For Immediate Release:March 15, 2010
Contact:Justin Goodman 757-622-7382
Saginaw, Mich. -- This morning, PETA fired off a complaint to members of Saginaw Valley State University's (SVSU) animal experimentation oversight committee calling on them to halt experiments in which pregnant rats will be injected with diisononyl phthalate, a chemical long studied for its potential toxicity and for which extensive information about its risks to humans is already available. PETA's action was prompted by SVSU's announcement that its Student Research and Creativity Institute had awarded a $10,000 grant to the undergraduate who proposed the project.
At the conclusion of the painful experiments, some of the rats are killed, and their brains are dissected. PETA alleges that the experiments are also in apparent violation of SVSU guidelines because they duplicate previous studies and can be performed without using animals. Extensive previous research--including clinical studies in humans--has already shown that this chemical does not pose a health risk to humans except in extremely high doses.
"SVSU is apparently allowing students and faculty to torment and kill animals in redundant, ineffective experiments that have no relevance to human health," says PETA Vice President of Laboratory Investigations Kathy Guillermo. "Public funds continue to be squandered on crude and cruel experiments because existing data and modern non-animal research methods are being ignored."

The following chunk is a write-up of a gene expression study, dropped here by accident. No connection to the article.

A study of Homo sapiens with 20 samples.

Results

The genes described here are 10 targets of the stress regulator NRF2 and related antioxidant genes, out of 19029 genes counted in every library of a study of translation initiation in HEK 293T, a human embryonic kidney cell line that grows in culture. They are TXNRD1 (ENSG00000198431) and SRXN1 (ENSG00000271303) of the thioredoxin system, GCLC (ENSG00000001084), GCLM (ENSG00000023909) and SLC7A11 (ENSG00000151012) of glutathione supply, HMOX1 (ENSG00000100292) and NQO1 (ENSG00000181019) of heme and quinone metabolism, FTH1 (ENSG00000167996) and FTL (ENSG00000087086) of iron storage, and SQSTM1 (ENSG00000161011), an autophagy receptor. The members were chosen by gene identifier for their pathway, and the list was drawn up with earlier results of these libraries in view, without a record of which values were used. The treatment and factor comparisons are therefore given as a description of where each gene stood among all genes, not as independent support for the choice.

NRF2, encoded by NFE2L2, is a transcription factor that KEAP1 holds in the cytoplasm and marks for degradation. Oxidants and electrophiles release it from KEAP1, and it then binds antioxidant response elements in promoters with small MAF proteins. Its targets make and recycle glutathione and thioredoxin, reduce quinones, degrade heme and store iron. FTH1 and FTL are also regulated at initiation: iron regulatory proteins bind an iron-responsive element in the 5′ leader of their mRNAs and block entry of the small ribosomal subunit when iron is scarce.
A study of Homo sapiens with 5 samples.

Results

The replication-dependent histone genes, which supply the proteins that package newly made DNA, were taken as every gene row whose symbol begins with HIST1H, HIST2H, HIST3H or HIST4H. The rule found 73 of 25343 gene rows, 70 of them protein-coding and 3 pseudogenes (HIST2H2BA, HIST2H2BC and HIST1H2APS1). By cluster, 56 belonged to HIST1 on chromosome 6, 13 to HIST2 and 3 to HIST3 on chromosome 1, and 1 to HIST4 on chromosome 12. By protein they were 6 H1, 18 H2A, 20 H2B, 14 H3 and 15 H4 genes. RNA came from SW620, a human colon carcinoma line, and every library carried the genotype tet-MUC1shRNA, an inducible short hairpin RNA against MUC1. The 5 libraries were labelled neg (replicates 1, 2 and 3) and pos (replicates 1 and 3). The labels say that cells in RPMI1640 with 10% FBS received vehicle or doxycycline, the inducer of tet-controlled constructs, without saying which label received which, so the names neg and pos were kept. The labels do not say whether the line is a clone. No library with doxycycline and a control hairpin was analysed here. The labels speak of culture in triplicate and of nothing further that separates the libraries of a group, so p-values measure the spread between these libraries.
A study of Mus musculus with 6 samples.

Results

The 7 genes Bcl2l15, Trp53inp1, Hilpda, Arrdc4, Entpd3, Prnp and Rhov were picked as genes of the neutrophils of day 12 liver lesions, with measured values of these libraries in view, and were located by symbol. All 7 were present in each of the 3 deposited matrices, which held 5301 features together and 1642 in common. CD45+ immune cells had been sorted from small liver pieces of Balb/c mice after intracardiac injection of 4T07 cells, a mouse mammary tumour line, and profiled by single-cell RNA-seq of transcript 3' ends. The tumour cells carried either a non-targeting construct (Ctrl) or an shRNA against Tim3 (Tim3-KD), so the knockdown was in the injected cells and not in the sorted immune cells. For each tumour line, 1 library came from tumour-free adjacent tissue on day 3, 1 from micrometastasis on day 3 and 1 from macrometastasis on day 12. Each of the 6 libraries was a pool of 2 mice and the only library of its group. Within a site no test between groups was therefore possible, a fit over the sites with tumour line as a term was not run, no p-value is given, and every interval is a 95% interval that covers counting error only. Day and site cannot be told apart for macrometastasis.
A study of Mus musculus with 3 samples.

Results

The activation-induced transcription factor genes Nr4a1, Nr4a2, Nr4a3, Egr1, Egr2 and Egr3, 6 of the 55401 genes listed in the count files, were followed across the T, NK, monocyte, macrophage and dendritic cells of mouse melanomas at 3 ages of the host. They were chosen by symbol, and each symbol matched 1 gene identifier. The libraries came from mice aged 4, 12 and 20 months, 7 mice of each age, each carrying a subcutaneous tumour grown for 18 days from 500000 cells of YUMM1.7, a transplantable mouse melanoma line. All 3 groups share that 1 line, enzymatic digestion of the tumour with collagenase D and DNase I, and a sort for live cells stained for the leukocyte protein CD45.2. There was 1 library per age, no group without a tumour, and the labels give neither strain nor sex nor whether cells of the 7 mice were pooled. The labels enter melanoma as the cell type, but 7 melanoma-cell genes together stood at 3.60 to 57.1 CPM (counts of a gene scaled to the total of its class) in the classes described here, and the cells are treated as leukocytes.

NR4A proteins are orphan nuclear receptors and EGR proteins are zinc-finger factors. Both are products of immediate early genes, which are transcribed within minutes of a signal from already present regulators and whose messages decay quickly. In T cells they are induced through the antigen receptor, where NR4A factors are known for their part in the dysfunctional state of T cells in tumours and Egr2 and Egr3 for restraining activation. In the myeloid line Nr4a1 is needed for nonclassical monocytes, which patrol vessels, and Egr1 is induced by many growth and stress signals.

SVSU regulations require experimenters to verify that "[a]lternatives that may reduce or omit animal use... have been reviewed and considered," and experimenters must demonstrate that they have done adequate research "to determine that an alternative(s) is not available." In addition, SVSU's protocol certification form states that it is committed to "the minimization of the number of studies that require the testing of laboratory animals."
Last year, PETA filed a separate complaint with SVSU after students reported that frogs and rats were killed in classroom experiments even though humane and sophisticated alternatives were available.
PETA's correspondence with SVSU is available upon request. For more information, please visit PETA's Web site StopAnimalTests.com.